LEWISTON – Carsen Chubak was away from hockey so long that even his coach forgot how good he could be.
Chubak never wavered, though. No matter where he was the last two years – in the doctor’s office after knee and hip surgeries, in the gym during rehab or in the stands watching four other guys take over Niagara University’s net – Chubak held firm in the belief that he could be a world-class goaltender.
He’s proving it. The junior leads the NCAA in goals-against average (0.99), save percentage (.970) and shutouts (five) in a spellbinding return to the ice.
“I really always had this vision in mind,” Chubak said Wednesday. “My last two years have been disappointing, to say the least. To have this right now and the way our team is playing right now is awesome.”
The Purple Eagles have ridden their attention-grabbing goalie to a top-20 ranking. They are 8-2-3 heading into a pair of home games against Sacred Heart this weekend. Chubak is 8-1-3 in his first real action since tearing his anterior cruciate ligament in November 2010.
“He was our No. 1 goalie as a freshman until he got hurt,” Niagara coach Dave Burkholder said. “I forgot that. People forget that. That was two years ago.
“This [success] doesn’t come as a surprise. I think the big surprise of the whole story is him persevering through the last two years.”
It has indeed been a long road to the top of college hockey for Chubak. The 23-year-old from Prince Albert, Saskatchewan, played nine games as a freshman before injuring his knee. Nine months into his rehab, Chubak needed surgery for a hip ailment.
He struggled through an early season loss at Michigan in 2011-12 and never touched the ice again.
“Last year was just horrible,” Chubak said before practice in Dwyer Arena. “I mean, we had [senior Chris] Noonan who was playing well, which was great for us and great for the team, but it was difficult for myself to watch. I was in the stands a lot. I wasn’t even dressing very much, so it was really disappointing, really tough.
“Rehabbing both of those injuries last year was just a grind, then this summer was kind of nice because I didn’t have to rehab really. I could just kind of focus on getting better again.”
With his health back, Chubak is able to display the skills that have made him a winner at every stage in his career. The 5-foot-11, 170-pounder is quick, athletic and reads plays well. He has technical knowledge, but he blends various styles together in an all-out effort to keep pucks from the net.
“He’s unorthodox, but he’s a battler,” Drew Schoneck, who coached Chubak in Tri-City of the United States Hockey League, said by phone. “He never gave up on a puck. There’s spots where you thought, ‘Oh god, what are you doing?’ and he still managed to get a toe or a stick or a piece of his blocker to make a save. I think that’s what really separates good goaltenders.”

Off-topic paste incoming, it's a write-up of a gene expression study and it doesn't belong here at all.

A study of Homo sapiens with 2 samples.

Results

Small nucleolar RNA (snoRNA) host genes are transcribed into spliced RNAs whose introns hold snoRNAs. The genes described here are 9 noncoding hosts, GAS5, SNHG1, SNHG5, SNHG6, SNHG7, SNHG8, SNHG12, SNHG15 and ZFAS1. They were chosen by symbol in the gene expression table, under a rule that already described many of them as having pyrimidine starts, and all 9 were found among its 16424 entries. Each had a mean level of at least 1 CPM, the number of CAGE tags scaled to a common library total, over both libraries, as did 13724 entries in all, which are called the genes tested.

“He is so athletic that he’ll come up with that [Dominik] Hasek-like save where everyone in the building is in shock,” Burkholder added. “Because he’s not blessed with that 6-2, 6-3 frame, he’s at the top of the crease and uses athleticism and quickness, and his rebound control is phenomenal. I’m amazed in practice at how good this kid is.”
After winning a championship in midgets in 2008-09 in the British Columbia Hockey League, Chubak joined the USHL. He backstopped Tri-City to a 29-25-6 record after it went 11-48-1 the previous season. He led the league in saves, recording 108 more than the second-place goalie.
“For lack of a better word, we were the Bad News Bears,” Schoneck said. “We were kind of a ragtag bunch and Carsen faced a lot of rubber some nights. He stood tall.”
The experience got Niagara’s attention. The Purple Eagles were focused on two USHL netminders, so then-assistant coach Greg Gardner made a weekend trip to watch both play. Gardner told Burkholder that Chubak was their man.
Gardner, who starred in goal for Niagara before a six-year pro career, spent a lot of time watching games with Chubak while the netminder rehabbed his knee. They analyzed goalies to see what worked.
“I don’t really consider myself similar to anybody,” Chubak said. “A lot of goaltending schools teach one way to do things, and I don’t really believe in that. I believe in whatever you feel comfortable doing. That’s what I’ve really been trying to do this year. If you feel comfortable doing it and that’s what I feel will keep the puck out of the net, that’s what I’m going to do.”
Folks in the colleges and pros have taken notice. Chubak has been named Atlantic Hockey Goalie of the Week five times so far. The number of NHL representatives at Niagara’s games has increased, and so has their frequency.
“It’s been a very busy time for Carsen because you’re starting to get family advisers and NHL scouts, NHL assistant GMs,” said Burkholder, who will go for his 200th career win Friday. “He needs to mentally stay focused, too, that this doesn’t get to him. He’s an older guy, junior tested, very mature, and none of this has gone to his head.
“But it would not surprise me if he continues this I think someone will be after him, and then it will be his decision if he wants to come back and graduate or not. Hopefully, he’s not thinking that.”
Chubak said he’s thinking only about this season. He wants to help Niagara win upcoming games against Bowling Green, Air Force and RIT so it can move up from No. 20 in the rankings.
Chubak’s dream, though, is to play pro. He’s had it since he was 13. He came home from a youth-league game, sat down on the family steps and decided hockey would be his life.
The dream carried him through the previous two years of struggles. This season, he’s doing what he can to turn his self-analysis on the stairs into reality.
“Whenever I don’t want to go to the gym or something, I just think about that moment and it’s good motivation,” Chubak said. “It’s nice to get recognized, especially after the last two years. ... This is where I feel comfortable.”